Luckin Coffee has taken the wraps off a new tea drink brand dubbed Xiaolu Tea, meaning “Fawn Tea” in Chinese, joining Starbucks in expanding into country’s already crowded bubble tea market.
The company will gradually roll out a range of tea-based beverages, including cheese tea and more traditional styles across its 3,000 stores spanning 40 cities from Thursday, Luckin said at a press conference on Monday in Beijing.
Co-founder and Senior Vice President Guo Jinyi pointed out that coffee and tea drinks are the two most popular types of drinks among China’s young office worker segment and the move represents “a sound strategy for Luckin.”
As always, the Xiamen-based coffee upstart plans to give out generous freebies and discounts to attract quick adopters for the brand. They can enjoy a “buy 10 get 10 free” promtion for the first two weeks following the launch, disclosed Yang Fei, co-founder and chief marketing officer.
It’s worth noting that Yang’s Monday speech marked a rare public appearance for the controversial marketing figure who has been absent from the company’s corporate filings and press conferences after coming under scrutiny early this year over his previous imprisonment.
Obviously, Luckin’s tea ambitions have been brewing for months since it already rolled out four fruity summer drinks, also named “Fawn Tea” in April.
“We’ve entered summer and a piping hot coffee isn’t necessarily what consumers are looking for,” Michael Norris, research and strategy manager at AgencyChina, told TechNode
Norris points out that this is part of Luckin’s efforts to diversify consumption occasions by offering juices and tea-based beverages. “As early as its IPO filings, a chunk of Luckin’s revenue came from outside of selling coffee. If you look closely at where Luckin is spending its ad dollars and giving discounts, it’s trying to drive consumers towards ordering cool drinks and light meals, creating further revenue diversification and more deeply embedding itself in white-collar professionals’ consumption habits,” he added.
Similarly, Luckin’s rival Starbucks is also expanding to tea drinks in search of new growth points. In mid-April, Starbucks launched eight such drinks, including the triple circus and peach shrub, ahead of the summer season.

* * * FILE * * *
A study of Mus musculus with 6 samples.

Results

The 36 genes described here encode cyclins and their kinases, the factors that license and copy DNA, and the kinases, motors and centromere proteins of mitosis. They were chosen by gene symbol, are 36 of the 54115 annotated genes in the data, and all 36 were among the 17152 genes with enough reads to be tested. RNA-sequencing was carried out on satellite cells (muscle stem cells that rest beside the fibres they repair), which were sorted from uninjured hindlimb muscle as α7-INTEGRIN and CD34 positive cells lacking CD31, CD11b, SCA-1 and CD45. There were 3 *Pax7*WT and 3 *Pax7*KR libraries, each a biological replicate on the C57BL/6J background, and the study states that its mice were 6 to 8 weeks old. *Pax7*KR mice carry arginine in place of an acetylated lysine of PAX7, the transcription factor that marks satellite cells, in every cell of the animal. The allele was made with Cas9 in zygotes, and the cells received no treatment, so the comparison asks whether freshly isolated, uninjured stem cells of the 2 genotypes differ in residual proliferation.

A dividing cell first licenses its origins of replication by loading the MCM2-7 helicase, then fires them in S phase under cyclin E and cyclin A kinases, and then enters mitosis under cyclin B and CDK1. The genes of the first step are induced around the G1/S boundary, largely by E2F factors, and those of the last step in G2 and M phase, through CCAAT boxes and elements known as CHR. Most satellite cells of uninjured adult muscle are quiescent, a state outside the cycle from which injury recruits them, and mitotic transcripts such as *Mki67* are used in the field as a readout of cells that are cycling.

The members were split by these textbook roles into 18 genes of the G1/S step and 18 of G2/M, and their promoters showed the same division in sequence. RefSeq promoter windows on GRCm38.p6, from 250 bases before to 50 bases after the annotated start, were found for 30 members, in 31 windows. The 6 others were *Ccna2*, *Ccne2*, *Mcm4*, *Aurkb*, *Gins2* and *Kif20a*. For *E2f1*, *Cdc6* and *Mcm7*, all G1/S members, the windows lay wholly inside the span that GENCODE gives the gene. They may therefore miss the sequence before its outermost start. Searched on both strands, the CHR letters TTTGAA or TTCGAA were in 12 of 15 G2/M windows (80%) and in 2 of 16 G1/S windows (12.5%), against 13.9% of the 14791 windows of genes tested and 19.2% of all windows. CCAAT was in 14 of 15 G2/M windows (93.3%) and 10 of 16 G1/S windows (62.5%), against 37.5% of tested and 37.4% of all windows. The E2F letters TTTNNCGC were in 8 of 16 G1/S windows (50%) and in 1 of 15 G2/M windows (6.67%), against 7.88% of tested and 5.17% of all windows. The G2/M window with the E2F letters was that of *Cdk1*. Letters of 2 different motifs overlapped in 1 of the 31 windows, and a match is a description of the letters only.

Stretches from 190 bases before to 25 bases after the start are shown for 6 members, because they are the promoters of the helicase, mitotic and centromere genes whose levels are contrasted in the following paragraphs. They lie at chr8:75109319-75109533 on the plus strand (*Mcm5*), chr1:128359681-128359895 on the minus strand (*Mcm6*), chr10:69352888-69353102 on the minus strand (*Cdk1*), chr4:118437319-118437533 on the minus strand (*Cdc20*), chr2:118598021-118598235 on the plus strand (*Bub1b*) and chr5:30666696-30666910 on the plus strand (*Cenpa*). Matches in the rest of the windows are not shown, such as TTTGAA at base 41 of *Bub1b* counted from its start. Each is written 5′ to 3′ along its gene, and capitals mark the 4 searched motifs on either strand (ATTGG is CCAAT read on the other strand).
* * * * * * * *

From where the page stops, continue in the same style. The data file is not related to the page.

The coffee chains’ expansion comes after local milk tea brands HeyTea and Nayuki brought out coffee drinks in March.
Although more and more Chinese consumers are drinking coffee, tea remains popular. However, younger generations crave a variety of convenient yet trendy options compared with the oolong and traditional types enjoyed by the generations before them.
Up-and-coming local tea brands like HeyTea have drummed up a lot of interest from younger consumer over the past two years. The on-going milk tea craze is driven by two elements: the added values of premium spaces, learned from foreign coffee chains like Starbucks, as well as the improved flavors.
By offering “tea room” spaces usually found at Starbucks, the new breed of tea shop operators offer a comfortable space usually in premium locations near shopping centers or office buildings where customers can relax. Branded in line with culture prevalent among China’s wenyi qingnian, often defined as China’s hipsters, local tea startups are now tapping white-collar workers or middle-income consumers seeking novel experiences. Flavors are improved by introducing varied ingredients including fresh fruits, cereals, and cheese.
HeyTea also plans to incorporate social media aspects into its WeChat-based ordering platform to attract more younger consumers, CTO Chen Peilin disclosed in May.
China’s tea drink market was worth RMB 90 billion (around $13 billion) in 2018, according to data from iMedia Research. The country had over 450,000 fresh produce beverage locations as of last year.
Despite the opportunities, industry watchers are concerned that the move might dilute the pair’s branding somewhat. “Starbucks sells an experience; the brand and focused menu with few items matters,” private investor ZQ Ong told TechNode. “Launching new and seasonal items just to keep up probably harms the brand if taken to excess,” he added.
Consumers also expressed their concerns over the flavors. One Weibo user named Toyomixa says she still prefers fruit tea drinks from HeyTea and Nayuki after testing Luckin’s new range. “Luckin’s fruit-taste drink is brewed out instead of being made fresh from fruit, there’s no pulp in it.” Others would choose Luckin because there are more outlets, more discounts and shorter queues.
Despite the implications for the beverage market, Ong believes food delivery giants like Meituan and Alibaba’s Ele.me will be the “biggest winner” from the changes. “Beverage deliveries, including milk tea, are fairly high volume and frequency. This helps in increasing order density per deliveryman. This goes a long way in improving margins for Meituan and Ele.me and lowering the unit cost for new retail deliveries (groceries/pharma) for Alibaba, he added.